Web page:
Poland’s shale gas reserves could be much less than initially projected, according to a new study, but even that smaller amount could someday turn the country into a natural-gas exporter and ease European reliance on energy supplies from Russia.
The estimates by the Polish Geological Institute, released Wednesday, were a letdown for the country’s shale-gas boosters, whose hopes had been buoyed by a U.S. government study that said the country was sitting on as much as 300 years of reserves.
On Wednesday the institute said in a study prepared with help from the U.S. Geological Survey that shale gas, combined with conventional reserves, could cover 35 to 65 years of Poland’s demand for natural gas, despite the lower estimates.
Energy diversification has long been an issue of strategic importance for the Polish government, which wants to cut its dependence on imports of oil and gas from Russia, its communist-era oppressor, to power the expanding Polish economy.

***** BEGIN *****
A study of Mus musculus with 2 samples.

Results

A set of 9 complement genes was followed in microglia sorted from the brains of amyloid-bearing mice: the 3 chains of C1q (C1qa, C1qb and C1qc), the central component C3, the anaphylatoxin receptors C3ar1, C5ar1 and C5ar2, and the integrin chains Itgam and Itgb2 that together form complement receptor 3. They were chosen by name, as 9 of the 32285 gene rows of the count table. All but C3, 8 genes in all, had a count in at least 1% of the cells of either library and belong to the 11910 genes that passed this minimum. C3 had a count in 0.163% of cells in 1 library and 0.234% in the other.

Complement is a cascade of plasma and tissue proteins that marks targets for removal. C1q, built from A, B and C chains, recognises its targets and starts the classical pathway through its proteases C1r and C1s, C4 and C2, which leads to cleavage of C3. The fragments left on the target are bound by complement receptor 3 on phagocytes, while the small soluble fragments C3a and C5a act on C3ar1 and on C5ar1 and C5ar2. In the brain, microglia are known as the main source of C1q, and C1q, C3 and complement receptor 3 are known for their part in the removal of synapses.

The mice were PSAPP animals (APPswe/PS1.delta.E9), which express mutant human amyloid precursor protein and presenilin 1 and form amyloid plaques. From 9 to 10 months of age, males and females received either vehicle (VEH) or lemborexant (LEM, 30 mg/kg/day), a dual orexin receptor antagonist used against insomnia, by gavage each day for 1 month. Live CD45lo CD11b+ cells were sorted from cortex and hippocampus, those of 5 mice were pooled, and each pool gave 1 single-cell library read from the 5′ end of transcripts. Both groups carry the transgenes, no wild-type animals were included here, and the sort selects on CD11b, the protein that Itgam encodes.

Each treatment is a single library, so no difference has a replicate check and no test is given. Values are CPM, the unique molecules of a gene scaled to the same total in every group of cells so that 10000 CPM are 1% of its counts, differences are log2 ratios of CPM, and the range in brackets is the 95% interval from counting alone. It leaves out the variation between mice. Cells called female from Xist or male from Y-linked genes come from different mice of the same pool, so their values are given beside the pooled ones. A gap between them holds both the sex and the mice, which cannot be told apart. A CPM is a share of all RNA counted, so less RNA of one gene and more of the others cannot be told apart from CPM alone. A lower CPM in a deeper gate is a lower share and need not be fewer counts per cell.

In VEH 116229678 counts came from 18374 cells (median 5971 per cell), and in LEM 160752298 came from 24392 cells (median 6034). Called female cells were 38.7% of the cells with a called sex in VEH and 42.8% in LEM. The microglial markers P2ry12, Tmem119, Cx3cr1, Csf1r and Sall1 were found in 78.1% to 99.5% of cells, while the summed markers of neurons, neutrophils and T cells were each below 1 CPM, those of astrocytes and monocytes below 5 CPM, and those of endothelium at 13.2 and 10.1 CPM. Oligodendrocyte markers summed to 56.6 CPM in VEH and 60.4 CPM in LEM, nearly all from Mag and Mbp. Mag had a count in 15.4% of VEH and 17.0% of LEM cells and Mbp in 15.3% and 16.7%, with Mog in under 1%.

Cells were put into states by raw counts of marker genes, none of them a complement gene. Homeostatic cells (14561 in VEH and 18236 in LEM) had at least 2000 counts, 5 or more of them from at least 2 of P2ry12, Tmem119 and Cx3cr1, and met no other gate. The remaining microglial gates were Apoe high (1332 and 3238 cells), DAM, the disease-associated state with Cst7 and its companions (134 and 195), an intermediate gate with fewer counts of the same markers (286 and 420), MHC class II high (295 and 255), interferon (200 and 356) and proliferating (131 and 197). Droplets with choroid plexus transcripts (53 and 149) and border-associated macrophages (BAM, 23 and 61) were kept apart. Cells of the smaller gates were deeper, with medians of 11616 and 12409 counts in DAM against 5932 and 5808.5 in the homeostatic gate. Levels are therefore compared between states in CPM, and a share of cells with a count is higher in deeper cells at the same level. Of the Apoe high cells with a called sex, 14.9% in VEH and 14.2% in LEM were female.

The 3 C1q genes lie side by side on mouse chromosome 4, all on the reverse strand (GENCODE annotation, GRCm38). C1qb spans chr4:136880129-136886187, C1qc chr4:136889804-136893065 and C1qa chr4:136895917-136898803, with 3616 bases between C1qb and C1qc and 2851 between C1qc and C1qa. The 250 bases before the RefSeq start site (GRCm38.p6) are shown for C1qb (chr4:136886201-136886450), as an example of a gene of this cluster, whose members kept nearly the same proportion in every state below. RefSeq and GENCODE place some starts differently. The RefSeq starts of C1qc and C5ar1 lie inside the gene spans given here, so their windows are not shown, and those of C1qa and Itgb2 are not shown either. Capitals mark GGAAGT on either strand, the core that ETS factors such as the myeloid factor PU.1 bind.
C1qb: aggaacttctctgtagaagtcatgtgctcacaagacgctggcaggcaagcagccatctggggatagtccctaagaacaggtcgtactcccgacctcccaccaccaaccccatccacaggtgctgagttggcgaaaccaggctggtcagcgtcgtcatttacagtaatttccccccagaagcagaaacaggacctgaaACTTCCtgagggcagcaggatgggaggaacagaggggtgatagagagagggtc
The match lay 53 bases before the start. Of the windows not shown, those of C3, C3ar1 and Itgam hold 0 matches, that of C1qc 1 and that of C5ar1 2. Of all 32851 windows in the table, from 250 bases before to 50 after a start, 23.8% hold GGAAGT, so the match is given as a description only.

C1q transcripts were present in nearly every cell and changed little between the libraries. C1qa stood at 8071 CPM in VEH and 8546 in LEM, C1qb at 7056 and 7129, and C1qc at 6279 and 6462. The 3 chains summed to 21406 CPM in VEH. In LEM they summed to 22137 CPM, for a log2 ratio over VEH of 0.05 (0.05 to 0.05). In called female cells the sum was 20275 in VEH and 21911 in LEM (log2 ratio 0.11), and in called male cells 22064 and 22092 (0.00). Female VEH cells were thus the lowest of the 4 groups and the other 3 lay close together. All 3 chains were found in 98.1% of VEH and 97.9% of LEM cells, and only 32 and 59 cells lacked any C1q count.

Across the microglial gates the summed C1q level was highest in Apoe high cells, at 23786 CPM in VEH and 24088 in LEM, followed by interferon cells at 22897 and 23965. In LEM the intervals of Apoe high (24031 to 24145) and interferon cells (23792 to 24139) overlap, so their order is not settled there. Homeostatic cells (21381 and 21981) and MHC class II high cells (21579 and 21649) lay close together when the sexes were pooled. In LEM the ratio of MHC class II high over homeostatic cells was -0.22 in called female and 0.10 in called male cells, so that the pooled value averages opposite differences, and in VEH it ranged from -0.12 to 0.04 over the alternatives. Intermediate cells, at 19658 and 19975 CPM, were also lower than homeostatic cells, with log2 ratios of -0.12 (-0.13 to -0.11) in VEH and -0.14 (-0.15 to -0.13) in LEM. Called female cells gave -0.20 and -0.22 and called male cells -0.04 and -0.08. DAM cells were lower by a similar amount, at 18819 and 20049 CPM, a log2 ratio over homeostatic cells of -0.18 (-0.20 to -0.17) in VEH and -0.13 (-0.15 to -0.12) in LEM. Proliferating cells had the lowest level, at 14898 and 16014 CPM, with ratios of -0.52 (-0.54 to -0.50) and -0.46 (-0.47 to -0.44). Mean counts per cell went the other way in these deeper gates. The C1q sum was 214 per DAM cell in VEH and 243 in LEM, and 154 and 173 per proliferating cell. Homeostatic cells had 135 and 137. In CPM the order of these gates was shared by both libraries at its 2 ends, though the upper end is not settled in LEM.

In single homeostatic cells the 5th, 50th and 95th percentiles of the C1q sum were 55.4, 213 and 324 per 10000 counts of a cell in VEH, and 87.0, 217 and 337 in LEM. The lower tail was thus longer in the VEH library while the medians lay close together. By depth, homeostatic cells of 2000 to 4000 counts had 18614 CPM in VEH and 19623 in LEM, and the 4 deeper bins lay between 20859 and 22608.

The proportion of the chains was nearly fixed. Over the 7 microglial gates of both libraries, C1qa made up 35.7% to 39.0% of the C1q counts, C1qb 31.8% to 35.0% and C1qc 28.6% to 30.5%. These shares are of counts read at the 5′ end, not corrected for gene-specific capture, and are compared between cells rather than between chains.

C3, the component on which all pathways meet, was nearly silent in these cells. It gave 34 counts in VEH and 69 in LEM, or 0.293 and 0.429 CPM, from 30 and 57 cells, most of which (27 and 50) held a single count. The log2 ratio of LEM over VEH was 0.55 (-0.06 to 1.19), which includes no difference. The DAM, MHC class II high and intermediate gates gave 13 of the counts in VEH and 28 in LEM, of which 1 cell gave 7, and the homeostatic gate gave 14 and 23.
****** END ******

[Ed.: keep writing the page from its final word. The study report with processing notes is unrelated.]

Polish officials Wednesday urged further exploration by local and international players to determine the full extent of the country’s recoverable shale gas, which the geology institute said likely amounts to between 346 billion and 768 billion cubic meters.
Poland remains determined “to build alternatives to current gas supply sources,” said Treasury Minister Mikolaj Budzanowski. He said shale-gas supplies were adequate for the country to be “a potential gas exporter” instead of “a client with a weak bargaining position.”
The Central European country uses about 14 billion cubic meters of gas annually, most of which is imported from Russia at what Poland believes to be an above-market price, because the country lacks pipelines and terminal capacity to bring gas in from other suppliers.
Geologists examined 39 archival core samples spanning four decades and estimated shale-gas reserves could be up to 1.9 trillion cubic meters, with the most likely amount set at 346 billion and 768 billion.
“With such a result, we have the third-largest reserves of this natural resource in Europe, after Norway and the Netherlands,” said Piotr Wozniak, a deputy environment minister and the country’s chief geologist. “Now it’s time for making big investments.”
The U.S. Energy Information Administration, which provides analysis for the U.S. Energy Department, had earlier estimated that reserves could reach 5.3 trillion cubic meters.